Running modestly


Nick Seda

Coach Westphal shows off his past success with a trophy.

Coach James Westphal has an impressive repertoire; he’s a four time All-American who has also competed in two Olympic trials and in three Cross Country World Championships. Mr. Westphal is the one of the only people in the world whose name falls into all of these categories. Westphal, Cross Country Head Coach and Department Chair for Special Education, does not brag about his achievements, but rather keeps them quiet. Westphal is a modest man who keeps his achievements quiet.

“Sometimes I have to brag for him,” said Mr. Jim Kupres, Cross Country Assistant Coach.

With respect to his accomplishments, his modesty is astonishing. Westphal, the youngest of seven, was not a good runner at first. In fact, he did it because he wanted to be involved in school. Since then, running has been integral to who Westphal is.

“Since he has had so much success it has played a major role in his life,” Kupres said. “He met a lot of friends through it, [for example] we met at college. He wants other kids to share his experience, and he knows the positives of running don’t only come with success.”

Westphal makes his goal for every runner clear: improvement comes through hard work and commitment each day. However, his philosophy for coaching is simple. “Every student-athlete can contribute to our program no matter their talent level,” Westphal said. “I value hard work and commitment day in and day out.”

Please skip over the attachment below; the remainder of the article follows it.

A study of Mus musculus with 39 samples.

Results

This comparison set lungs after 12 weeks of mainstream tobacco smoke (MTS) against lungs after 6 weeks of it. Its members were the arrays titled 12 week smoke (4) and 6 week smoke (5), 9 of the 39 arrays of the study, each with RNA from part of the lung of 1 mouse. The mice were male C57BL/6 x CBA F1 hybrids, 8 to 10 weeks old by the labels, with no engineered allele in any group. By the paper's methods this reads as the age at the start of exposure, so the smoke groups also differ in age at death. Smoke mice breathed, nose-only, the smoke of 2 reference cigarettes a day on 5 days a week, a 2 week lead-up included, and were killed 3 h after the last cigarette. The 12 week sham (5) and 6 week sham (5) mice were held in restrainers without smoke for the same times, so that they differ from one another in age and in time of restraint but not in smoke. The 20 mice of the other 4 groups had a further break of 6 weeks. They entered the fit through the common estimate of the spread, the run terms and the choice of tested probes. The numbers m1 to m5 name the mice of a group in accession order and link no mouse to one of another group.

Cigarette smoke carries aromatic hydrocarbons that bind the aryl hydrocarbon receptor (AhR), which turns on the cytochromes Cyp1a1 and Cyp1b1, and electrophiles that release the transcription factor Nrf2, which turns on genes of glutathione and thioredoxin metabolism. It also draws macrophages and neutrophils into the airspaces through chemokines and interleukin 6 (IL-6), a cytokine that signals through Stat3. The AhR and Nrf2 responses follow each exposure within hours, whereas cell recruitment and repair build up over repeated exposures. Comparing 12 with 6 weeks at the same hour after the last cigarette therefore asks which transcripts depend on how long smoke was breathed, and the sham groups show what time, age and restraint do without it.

Westphal has one specific favorite interest in running, He lives for competition. He enjoys seeing how each athlete responds to their challenges at races. But, he is not only interested in results. The emotions and nerves pregame also interest him because it is his job as a coach to help manage them.

“[Westphal] wants me to come to practice every day so I can improve and strive to get better,” said Liam Bots, junior.

By the time a runner’s career comes to an end, Westphal has one thing he wants each of his runners to remember. He wants them to know the importance of resiliency. He wants them to have learned how to respond to life’s challenges in a positive way.

Some may call him a “middle of the road guy.” But, it is obvious that Westphal has much more to him: his experience and knowledge of the sport to coach his athletes to the best of their abilities.